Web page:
Know the basics
1. What is gestational diabetes?
This is a type of diabetes that develops only during pregnancy around the 24th week. Gestational diabetes affects how your cells use sugar (glucose) and causes high blood sugar; of course, the amount of glucose in your blood is not good for you or your baby.
In gestational diabetes, your blood sugar usually returns to normal soon after delivery. But if you’ve had gestational diabetes, you’re at risk for type 2 diabetes. You’ll continue working with your doctor to monitor and manage your blood sugar.
It is advisable for women with type 1 or type 2 diabetes are thinking about having a baby, you should talk with your doctor before you get pregnant. Untreated or poorly controlled diabetes can cause serious problems for your baby.
2. How common is gestational diabetes?
One of the most common pregnancy complications, gestational diabetes affects one in 10 expectant women, it occurs more often among obese women. It can be managed by reducing your risk factors. Please discuss with your doctor for further information.
3. What are the symptoms of gestational diabetes?
Gestational diabetes doesn’t usually cause any symptoms. Most cases are only picked up when your blood sugar level is tested during screening for gestational diabetes.
Some women may develop symptoms if their blood sugar level gets too high, such as:
- You often feel thirsty;
- You need to pee usually than usual;
- Your mouth is dry;
- You feel tired.
But some of these symptoms are common during pregnancy anyway and aren’t necessarily a sign of diabetes problem. Speak to your doctor if you’re worried about any symptoms you’re experiencing.
There may be some symptoms not listed above. If you have any concerns about a symptom, please consult your doctor.
Diagnosis and Treatments
1. How is gestational diabetes diagnosed?
During your first antenatal appointment at around 8-12th weeks of the pregnancy, to determine if you are at risk of gestational diabetes, your doctor will ask you some questions. In case that you have one or more risk factors, the screening test will be offered, this includes:
Initial glucose challenge test
- You’ll drink a syrupy glucose solution, then you’ll have a blood test to measure the blood sugar level one hour later.
- A blood sugar level below 130 to 140 (mg/dL), or 7.2 to 7.8 (mmol/L), is usually considered normal on a glucose challenge test.
- If your blood sugar level is higher than normal, it only means you have a higher risk of gestational diabetes. You’ll need a glucose tolerance test to determine if you have this condition.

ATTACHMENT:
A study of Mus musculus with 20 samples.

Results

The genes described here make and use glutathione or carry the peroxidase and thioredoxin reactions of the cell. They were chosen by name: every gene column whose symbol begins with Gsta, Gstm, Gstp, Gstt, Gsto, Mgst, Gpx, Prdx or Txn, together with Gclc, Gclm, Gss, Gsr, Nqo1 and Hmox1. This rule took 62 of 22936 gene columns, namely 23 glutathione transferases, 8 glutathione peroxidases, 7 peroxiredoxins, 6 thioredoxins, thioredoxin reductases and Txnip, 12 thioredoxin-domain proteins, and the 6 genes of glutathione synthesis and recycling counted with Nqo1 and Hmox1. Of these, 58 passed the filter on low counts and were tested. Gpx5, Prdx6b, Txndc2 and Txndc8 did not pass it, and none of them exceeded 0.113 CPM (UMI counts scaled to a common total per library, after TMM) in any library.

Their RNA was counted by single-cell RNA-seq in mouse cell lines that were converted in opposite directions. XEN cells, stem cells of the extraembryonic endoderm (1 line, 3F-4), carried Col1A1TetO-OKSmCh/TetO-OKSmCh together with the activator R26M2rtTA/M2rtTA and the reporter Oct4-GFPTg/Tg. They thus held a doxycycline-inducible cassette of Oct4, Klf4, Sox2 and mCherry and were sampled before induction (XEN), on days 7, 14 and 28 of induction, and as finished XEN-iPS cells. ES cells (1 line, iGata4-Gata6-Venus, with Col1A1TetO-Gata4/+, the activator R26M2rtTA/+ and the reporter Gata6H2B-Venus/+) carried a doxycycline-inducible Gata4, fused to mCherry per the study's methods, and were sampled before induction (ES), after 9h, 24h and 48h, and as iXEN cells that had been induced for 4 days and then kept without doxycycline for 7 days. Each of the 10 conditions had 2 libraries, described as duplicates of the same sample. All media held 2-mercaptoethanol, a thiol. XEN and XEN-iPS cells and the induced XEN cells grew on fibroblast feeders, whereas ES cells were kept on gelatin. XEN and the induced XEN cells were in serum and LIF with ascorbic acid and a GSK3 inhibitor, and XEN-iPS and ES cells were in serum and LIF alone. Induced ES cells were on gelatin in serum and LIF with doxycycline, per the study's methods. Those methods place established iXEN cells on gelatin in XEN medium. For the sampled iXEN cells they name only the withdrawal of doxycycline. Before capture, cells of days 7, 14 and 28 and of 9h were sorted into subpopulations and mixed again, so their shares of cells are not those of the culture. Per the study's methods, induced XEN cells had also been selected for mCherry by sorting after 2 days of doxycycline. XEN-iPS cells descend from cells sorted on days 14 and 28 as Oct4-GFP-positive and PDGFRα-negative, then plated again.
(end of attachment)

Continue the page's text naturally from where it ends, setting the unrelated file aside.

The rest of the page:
Follow-up glucose tolerance testing
- You’ll fast overnight, then have your blood sugar level measured. Then you’ll drink another sweet solution, containing a higher concentration of glucose.
- Your blood sugar level will be checked every hour for three hours.
- If at least two of the blood sugar readings are higher than normal, you’ll be diagnosed with gestational diabetes.
2. How is gestational diabetes treated?
Treating gestational diabetes can help both you and your baby stay healthy. The goal of treatment help you reach your blood glucose targets, including:
- Healthy eating;
- Physical activity: you should do exercise for at least 30 minutes every day and ask your doctor if you may continue some higher intensity sports. Do not exercise on your back after the first trimester;
- Insulin shots, if needed.
1. What causes gestational diabetes?
Insulin is a hormone made in your pancreas, an organ located behind your stomach. This helps your body use glucose for energy and helps control your blood glucose levels. However, in case your body can’t make enough insulin during pregnancy, that will lead to gestational diabetes.
Furthermore, all pregnant women have some insulin resistance during late pregnancy. But some women have insulin resistance even before they get pregnant, usually because they are overweight. These women start pregnancy with an increased need for insulin and are more likely to have gestational diabetes.
2. What increases my risk for gestational diabetes?
There are many risk factors for gestational diabetes, such as:
- Older than 25;
- Have a close relative who has diabetes;
- Overweight, especially BMI is 30 or higher;
- Have polycystic ovarian syndrome;
- Have a medical condition such as glucose intolerance;
- Take certain medications like glucocorticoids (for asthma or an autoimmune disease), beta-blockers (for high blood pressure or a rapid heart rate), or antipsychotic drugs (for mental health problems);
- Have had gestational diabetes before;
- Have had a big baby before.
3. Lifestyle changes & Home remedies
The following lifestyles and home remedies might help you cope with gestational diabetes:
- Healthy diets: choose foods high in fiber and low in fat, calories. Also, focus on fruits, vegetables and whole grains. Strive for variety to help you achieve your goals without compromising taste or nutrition. Watch portion sizes.
- Keep active: take a brisk daily walk, ride your bike, swim laps for 30 minutes every day. If you can’t fit a single 30-minute workout into your day, several shorter sessions can be a good choice.
- Lose excess pounds before pregnancy: losing extra weight beforehand may help you have a healthier pregnancy. Motivate yourself by remembering the long-term benefits of losing weight, such as a healthier heart, more energy and improved self-esteem.
Need further information? Contact GO.CARE manage team to get more details from expert doctors and medical specialists.
GO.CARE does not provide medical advice, diagnosis or treatment.
Gestational diabetes. http://www.nhs.uk/Conditions/gestational-diabetes/Pages/Introduction.aspx. Accessed September 03, 2016.
Gestational Diabetes During Pregnancy. http://www.whattoexpect.com/pregnancy/gestational-diabetes/. Accessed September 03, 2016.